THE O’DONNELL SIBLINGS from Roslea were the pride of Fermanagh this week after RTE producers discovered their talent for traditional music online.
Aoife (15), twins Ciara and Olivia (12) along with their younger brother Aodhan (10) who are part of the Roslea Comhaltas branch were asked to perform on the set of Réalta agus Gaolta which took place in the RTE studios.
Speaking on their experience, proud mum Roisin told the Herald, “The producers of the programme got in touch with us through Facebook to see if the kids were interested in taking part after they found an online video of them performing together.
“During lockdown they had been practising everyday and thankfully they got this recognition as well as a day out. They’ve never experienced anything like this before.
“When we arrived we had our own pod so contestants weren’t communicating with anyone else, the music was pre-recorded and then they where took out on stage to the presenter and judges of the show due to Covid restrictions.”
The programme which will air on our screens this Autumn featured seven different families from across Ireland and was filmed over the course of seven days.
“The nerves weren’t too bad on the day,” explained Roisin. “They had practised so much leading up to it that nerves only started to kick in when they were mic’d up and called to the stage.
“The day itself was great for their confidence, it’s so different from a session and that was the first time that they had played together.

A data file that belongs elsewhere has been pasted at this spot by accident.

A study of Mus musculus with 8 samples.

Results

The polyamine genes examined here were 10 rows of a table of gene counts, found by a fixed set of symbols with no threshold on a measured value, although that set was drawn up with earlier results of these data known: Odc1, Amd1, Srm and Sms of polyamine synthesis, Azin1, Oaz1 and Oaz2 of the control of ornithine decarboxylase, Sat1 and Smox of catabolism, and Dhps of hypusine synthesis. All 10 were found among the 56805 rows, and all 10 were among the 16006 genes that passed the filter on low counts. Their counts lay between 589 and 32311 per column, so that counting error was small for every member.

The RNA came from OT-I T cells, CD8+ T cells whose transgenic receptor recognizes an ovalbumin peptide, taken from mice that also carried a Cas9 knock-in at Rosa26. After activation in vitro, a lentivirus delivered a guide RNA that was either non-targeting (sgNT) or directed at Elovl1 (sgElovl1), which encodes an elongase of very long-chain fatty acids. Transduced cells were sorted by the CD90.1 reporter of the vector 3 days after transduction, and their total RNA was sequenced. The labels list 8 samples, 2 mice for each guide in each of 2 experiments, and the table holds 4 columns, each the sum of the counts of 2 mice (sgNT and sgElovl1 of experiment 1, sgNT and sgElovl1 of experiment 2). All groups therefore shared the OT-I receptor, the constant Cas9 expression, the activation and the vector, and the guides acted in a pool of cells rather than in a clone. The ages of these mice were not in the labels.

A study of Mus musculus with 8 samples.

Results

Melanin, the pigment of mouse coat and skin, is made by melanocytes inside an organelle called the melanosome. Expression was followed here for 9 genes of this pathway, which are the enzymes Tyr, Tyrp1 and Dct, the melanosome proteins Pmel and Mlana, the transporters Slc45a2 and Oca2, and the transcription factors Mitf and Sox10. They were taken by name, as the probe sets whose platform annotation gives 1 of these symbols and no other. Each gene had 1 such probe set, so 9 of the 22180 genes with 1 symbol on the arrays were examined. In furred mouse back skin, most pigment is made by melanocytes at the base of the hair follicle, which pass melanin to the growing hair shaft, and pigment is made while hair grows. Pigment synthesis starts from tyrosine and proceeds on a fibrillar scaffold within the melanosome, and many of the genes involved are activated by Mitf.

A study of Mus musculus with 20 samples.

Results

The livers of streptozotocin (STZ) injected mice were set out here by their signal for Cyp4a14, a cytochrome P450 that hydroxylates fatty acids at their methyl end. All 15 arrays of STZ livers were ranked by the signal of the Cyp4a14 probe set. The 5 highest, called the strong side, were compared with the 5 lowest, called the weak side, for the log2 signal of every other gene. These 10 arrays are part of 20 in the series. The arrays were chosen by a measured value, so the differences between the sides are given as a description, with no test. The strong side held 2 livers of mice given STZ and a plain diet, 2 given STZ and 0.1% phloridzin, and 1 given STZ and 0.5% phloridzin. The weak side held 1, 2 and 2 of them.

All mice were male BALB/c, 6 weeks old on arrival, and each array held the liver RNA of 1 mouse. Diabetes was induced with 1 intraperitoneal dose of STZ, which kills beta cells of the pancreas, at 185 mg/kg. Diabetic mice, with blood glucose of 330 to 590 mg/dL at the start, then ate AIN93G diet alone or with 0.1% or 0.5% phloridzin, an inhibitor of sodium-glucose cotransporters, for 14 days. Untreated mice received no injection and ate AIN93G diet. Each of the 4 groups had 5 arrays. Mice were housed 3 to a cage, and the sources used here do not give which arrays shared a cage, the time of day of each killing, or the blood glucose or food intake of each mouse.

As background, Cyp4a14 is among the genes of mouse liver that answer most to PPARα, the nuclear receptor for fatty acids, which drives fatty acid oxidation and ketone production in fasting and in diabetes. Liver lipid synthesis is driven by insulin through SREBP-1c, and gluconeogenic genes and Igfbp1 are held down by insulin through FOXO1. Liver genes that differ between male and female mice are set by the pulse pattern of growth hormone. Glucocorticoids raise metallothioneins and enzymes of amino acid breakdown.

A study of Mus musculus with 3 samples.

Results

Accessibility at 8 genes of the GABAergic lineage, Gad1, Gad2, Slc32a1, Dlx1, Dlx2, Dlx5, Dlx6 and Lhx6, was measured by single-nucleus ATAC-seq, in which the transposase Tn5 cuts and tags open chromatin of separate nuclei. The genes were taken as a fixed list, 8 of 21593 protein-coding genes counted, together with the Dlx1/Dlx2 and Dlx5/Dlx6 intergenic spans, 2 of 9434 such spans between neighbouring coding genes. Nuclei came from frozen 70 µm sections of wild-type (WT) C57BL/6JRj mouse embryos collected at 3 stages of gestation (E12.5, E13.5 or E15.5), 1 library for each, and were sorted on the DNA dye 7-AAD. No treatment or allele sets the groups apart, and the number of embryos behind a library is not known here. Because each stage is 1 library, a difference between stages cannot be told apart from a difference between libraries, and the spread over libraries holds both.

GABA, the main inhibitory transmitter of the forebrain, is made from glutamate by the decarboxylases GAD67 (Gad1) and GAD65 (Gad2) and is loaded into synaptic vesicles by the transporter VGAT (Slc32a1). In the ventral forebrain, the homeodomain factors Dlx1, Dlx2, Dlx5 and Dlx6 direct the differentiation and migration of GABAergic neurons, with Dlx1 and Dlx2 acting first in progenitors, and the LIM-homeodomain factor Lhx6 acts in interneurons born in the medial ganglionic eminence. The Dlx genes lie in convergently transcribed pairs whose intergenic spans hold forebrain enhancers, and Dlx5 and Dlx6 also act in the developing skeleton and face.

“Especially for Aodhan who is only ten, he came on so well as result of lockdown and practising, and now he can play with the older girls.
“If one of them was a bit nervous they had the support of each other and really bounced off that. They worked hard for it and it was a nice bonus for them.”
The siblings picked up the music bug in school, and from there attended various music classes before joining the Roslea Comhaltas branch which has over 100 members.
While lockdown has been a difficult time for many young people, Roisin says she is “lucky” that her eldest four had music to keep them occupied.
“It was great to have when there was nothing else,” she said. “The music was a great distraction for them and it was something to focus on over the last year and a half and even better to see that all their hardwork has paid off.
“They do miss getting out and meeting others through the sessions. It’s a very social thing and they can’t wait to get back to that.”